As former Vice President Joe Biden has leapt into front-runner status in the Democratic presidential primary, it’s worth taking a closer look at his foreign policy outlook published by Foreign Affairs back in January.
On the subject of U.S. strategy toward China, his approach is commendably reasonable. Unlike much of the recent commentary from the Trump administration and the Washington foreign policy community, Biden does not frame the competition with China in “full-spectrum” or new cold war terms. In fact, he goes out of his way to frame his strategy in broader, less binary terms — “to win the competition for the future against China or anyone else [emphasis added].”
This “China or anyone else” formula is repeated again two paragraphs later. Biden does not characterize China as a fundamental threat, nor does he even use the word “threat” or “adversary” or anything more than “challenge” to describe China. He rightly characterizes the principal challenges posed by China as being economic and normative in nature, rather than military or geostrategic.
He also advocates solutions suited to the nature of those challenges, such as boosting America’s own economic and innovative capacity and establishing legal and ethical norms for new technology.
He avoids Obama-era terminology about a rebalancing or pivot to Asia or about the “rules-based international order” that inflated the threat China posed. And he mercifully does not focus on the South China Sea issue, which Washington has had a habit of oversimplifying over the past decade in a ham-handed effort to drive a wedge between China and its neighbors.
However, Biden’s approach to China remains heavy on the “sticks” and weak on the “carrots.” Although he nods to the need for cooperation with China on nontraditional threats such as climate change, nonproliferation, and global health security, he emphasizes the ways the United States should pressure and coerce Beijing to behave without providing many concrete examples of how Washington and Beijing should work together in positive-sum ways to further shared interests. This is probably in part for rhetorical purposes and in part because of a general lack of creativity in U.S. strategic thinking — from policy makers and think-tankers alike — about how to incentivize and negotiate with China.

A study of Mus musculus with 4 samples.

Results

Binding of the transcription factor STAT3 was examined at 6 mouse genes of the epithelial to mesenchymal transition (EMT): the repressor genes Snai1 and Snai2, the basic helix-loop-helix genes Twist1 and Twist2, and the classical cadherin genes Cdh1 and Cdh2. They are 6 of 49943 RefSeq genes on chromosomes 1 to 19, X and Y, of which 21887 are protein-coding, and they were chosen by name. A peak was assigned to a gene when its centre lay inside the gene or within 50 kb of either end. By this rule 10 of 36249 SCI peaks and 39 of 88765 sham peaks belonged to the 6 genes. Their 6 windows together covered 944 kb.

And even Biden’s more moderate approach may not be enough to contain the hostile bipolar competition that the military and defense hawks are gunning for. His policy formulations are still largely status-quo oriented, with insufficient attention to how alliances not only need to be strengthened but also equalized, with allies doing more for their own defense and exercising more strategic independence.
More worryingly, Biden suggests that the United States should work together with all of the world’s democracies to band together against China. This is simply naïve and unhelpful, as China is not proactively seeking to undermine democracy around the world, and most democracies do not see China as a fundamental threat, but rather as an economic opportunity.
To be sure, there may be room for such an approach on human rights issues specifically. But even then, proposing multilateral pressure from democratic allies will not be easy, as Asian democracies like India and the Philippines have had poor human rights records of late and would hardly be in a position to lecture to China.
Overall, Biden nonetheless adopts quite a restrained stance toward China relative to much of the rhetoric that has been generated by the foreign policy community for the past several years under both the Trump and Obama administrations. This may reflect the fact that during the Obama administration, Biden himself was a proponent of a sensible approach toward Beijing.
During Obama’s second term, when more hawkish elements were exaggerating the threat posed by China, Biden adopted a more pragmatic stance, engaging in constructive negotiations with President Xi Jinping and embracing Xi’s concept of a new model for major power cooperation.
Of course, a key factor in shaping Biden’s policy would be who he appoints to China-related posts. Ely Ratner, who was Vice President Biden’s deputy national security adviser and is advising his campaign, is a prominent China hawk who characterizes the U.S.-China relationship in stark oppositional terms. But more senior officials close to Biden, such as Jake Sullivan — who served as Biden’s national security advisor during the Obama administration — have advocated a more moderate approach that combines effective competition with positive-sum cooperation.
It is this latter more balanced approach that is best-suited to promote American interests and peace, stability, and prosperity in Asia. May such an approach prevail in U.S. China strategy should Biden become the next president.